Posted by pequafrog z7a/Long Island (drew.hyatt@gmail.com) on
Thu, Mar 27, 08 at 8:45

Hey everyone.
I'm going to try to make a DIY C02 injector system. I have plans for one that's made out of a 2 liter soda bottle. Has anyone tried this method?

thanks,

-Andy


Follow-Up Postings:


Hi
Have used the method many times. An improvement is to use jello as a basis imstead of sugar water.
Make up two packages of the gelatin per package instructions and let it setup. Brewers yeast works better than bakers yeast , but either will work.
Will last at least twice as long as sugar water, gary



I have used both the sugar water and jello methods. Although the jello method does last longer, I feel that the jello adds an unnecessary step and expense to the task. By prepping a new bottle with sugar water when the old bottle is getting nearly to the bottom, you can simply use the old culture to restart a new one saving on cost of yeast. Both work equally well for plants, but this is not the one-step cure all.

Adding a thin layer of kitty litter under substrate, increasing light to at least 2 watts per gallon, adding Jobe stick fetilizer along with the co2 will get your plants moving in no time.

I use the above for several planted tanks all with Apple and Maylaysian Trumpet snails and fish. Some are filtered, some are not. The more plants you get going, the less filtering necessary which is another bonus.



So far so good. It's day 4 (or 5) and the plants have already started to respond. I'm using eco complete for the substrate and the sugar/water/yeast for the C02. It's fun for the kids to do this with me. It's like a science experiment! I'll post some pictures soon.



Question for solidbrass and or pequafrog. Why would jello be better (I know it has sugar but any other reason?).

"By prepping a new bottle with sugar water when the old bottle is getting nearly to the bottom, you can simply use the old culture to restart a new one saving on cost of yeast. Both work equally well for plants, but this is not the one-step cure all."

Do you mean like the old sour dough bread starters? I added more yeast once (went for a while longer but then I wondered about the fermentation ie alchohol 'gasses' maybe going into the tank - it sure stank!) So, you mean fresh water/sugar/or jello, and just add some of the yeast culture to it.

...............................

Solidbrass I am assuming you mean the old fashioned clay kitty litter?

I have mostly Anubias so no substrate but if ever I do need it...clay has iron in it so maybe that is why it works(ceramics degree) (some that is, the darker, redder types - do to mineral run off from river systems degrading rock so on) (white does not, comes from higher up at source.)

Anubias started to not thrive in spite of fertilazion so tried co2.
..........................

I have been using diy co2 on two tanks for months now. I am pleased in that it is not as difficult as some forums/blogs suggested. I set a bowl with water I am going to use with sugar it in, into a cast iron fry pan and water in it = bring to boil. (fry pan water not top). The sugar gets completely dissolved. Then let it cool, start yeast (plain old baking yeast like when kid and baked) in some cooled water in a cup...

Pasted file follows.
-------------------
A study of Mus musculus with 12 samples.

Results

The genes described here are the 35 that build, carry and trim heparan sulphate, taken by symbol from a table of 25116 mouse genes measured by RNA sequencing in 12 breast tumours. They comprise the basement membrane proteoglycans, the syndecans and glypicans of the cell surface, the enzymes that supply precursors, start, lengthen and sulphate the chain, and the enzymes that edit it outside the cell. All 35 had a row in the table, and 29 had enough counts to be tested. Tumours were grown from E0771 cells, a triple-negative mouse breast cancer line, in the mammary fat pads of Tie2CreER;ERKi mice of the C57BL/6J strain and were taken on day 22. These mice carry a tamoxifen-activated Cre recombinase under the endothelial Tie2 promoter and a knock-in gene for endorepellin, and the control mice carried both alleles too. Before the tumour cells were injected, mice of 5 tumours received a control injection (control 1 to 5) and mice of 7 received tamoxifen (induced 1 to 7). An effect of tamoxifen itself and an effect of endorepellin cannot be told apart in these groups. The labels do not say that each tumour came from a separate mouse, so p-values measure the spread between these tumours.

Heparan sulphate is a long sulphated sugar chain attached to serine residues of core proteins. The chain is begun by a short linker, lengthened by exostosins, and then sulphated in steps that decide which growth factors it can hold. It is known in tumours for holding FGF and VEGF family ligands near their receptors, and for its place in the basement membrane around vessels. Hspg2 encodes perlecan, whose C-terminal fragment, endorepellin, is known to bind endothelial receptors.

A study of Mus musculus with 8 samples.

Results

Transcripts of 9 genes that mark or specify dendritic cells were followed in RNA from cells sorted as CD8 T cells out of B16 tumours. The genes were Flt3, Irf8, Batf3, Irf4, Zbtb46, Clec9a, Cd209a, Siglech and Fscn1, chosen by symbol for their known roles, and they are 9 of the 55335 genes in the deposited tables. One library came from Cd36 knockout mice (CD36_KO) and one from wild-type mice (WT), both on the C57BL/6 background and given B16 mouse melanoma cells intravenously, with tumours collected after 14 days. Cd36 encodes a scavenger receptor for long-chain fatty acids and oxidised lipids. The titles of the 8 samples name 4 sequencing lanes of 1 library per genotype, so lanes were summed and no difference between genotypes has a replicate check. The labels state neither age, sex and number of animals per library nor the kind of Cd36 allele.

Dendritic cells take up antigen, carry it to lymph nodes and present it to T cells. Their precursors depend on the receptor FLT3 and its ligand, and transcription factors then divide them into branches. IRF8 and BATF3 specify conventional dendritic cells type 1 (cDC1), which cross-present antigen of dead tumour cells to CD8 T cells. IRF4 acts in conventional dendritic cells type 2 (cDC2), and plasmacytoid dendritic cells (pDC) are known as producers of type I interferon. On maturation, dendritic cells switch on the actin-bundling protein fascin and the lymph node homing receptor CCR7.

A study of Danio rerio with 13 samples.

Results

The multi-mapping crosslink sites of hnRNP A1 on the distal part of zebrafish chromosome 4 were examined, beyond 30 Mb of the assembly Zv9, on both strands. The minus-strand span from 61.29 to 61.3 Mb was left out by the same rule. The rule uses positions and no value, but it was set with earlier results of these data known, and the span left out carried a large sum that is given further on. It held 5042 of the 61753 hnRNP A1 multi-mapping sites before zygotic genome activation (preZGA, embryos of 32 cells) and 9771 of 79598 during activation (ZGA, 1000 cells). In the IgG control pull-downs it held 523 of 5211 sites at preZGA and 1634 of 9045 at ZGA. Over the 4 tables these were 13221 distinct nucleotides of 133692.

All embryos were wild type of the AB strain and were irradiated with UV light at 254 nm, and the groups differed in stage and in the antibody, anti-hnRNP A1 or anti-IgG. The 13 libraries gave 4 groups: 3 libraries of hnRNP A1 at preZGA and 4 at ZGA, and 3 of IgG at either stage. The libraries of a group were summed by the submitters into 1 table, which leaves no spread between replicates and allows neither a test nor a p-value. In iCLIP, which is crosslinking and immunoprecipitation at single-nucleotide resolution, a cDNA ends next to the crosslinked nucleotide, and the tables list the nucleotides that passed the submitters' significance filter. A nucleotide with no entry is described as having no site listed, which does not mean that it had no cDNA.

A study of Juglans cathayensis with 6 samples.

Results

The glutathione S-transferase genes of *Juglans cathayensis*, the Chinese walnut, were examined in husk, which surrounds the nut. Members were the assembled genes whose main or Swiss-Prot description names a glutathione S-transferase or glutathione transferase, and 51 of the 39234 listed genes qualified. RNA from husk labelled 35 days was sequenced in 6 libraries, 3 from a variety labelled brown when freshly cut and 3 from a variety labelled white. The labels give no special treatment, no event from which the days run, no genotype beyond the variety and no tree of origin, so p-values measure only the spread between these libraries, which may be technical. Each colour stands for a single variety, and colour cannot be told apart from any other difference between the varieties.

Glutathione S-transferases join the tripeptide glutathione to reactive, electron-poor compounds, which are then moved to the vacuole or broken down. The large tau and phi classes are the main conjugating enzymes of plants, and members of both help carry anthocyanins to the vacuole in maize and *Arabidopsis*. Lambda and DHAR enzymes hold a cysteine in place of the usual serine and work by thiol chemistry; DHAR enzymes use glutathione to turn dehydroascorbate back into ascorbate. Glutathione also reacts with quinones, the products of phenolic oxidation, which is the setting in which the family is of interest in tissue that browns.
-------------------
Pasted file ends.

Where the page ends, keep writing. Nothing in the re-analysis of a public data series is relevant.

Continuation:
I use about two cups of water and one (more or less) cup of sugar for each bottle.

I fill (after cleaning) two water bottles with the water (used paper cup folded to make a spout, then added culture.

I tried different methods of securing tubing to bottle cap top - took cap off dish soap liquid as it had a 'snout' already, another I used the 2 part epoxy stuff for fixing plumbing (works really well on that type of plastic) so on. I just looked around and experimented on different types of bottle tops that already existed (spray bottles taken apart, can use the white tubing to connect through the hole to aquarium tubing so on).

The articles I researched made it seem daunting (with all sorts of extras like a balloon to allow for excess gas escape (must be some strong yeast!) to avoid yeast explosions!!!) but I discovered it was not necessary to go beyond basics, and I didn't do all the other things many mentioned.

The gasses were offgassing within minutes after I plugged it together (I let yeast sit a while (about five minutes) before adding yeast to sugar water in bottle, as when I used to bake bread).

It last on average about one week.

I put water pump for self made one under water to disperse (drilled hole into left over black tubing (from those algae cleaner things) which fit nicely over outlet of small water pump. I put both on timers so as to slow down co2 release at night.

Observations:

My water ph was extremely high...7.8 or more and hard (lime in nyc water) It lowered fast, almost too much so reason for timers.

Plants doing better, still some yellow so not sure, as I am adding trace elements and main fertilizer. (on the older huge leaves). One tank has florecent and other halogen (on dimmers) They are older plants so maybe lack of co2 all these years. Not sure. In native environments Anubias are exposed to cycles where they are submerged and later emersed - where the plants can tank in more co2,butrients then store nutrients in the rizome and hence do better when submerged when rains come.

So time will tell - I have also set up a 'refresher' tank for them (a huge globe with high humidity where they are 'planted' roots only with soil.)

My java fern which used to melt or die off, is doing well. I think the lower ph is better.

Thanks for answers to above if you get this. Best Sherry



Andy, I gather you never left Long Island. Still thinking about moving?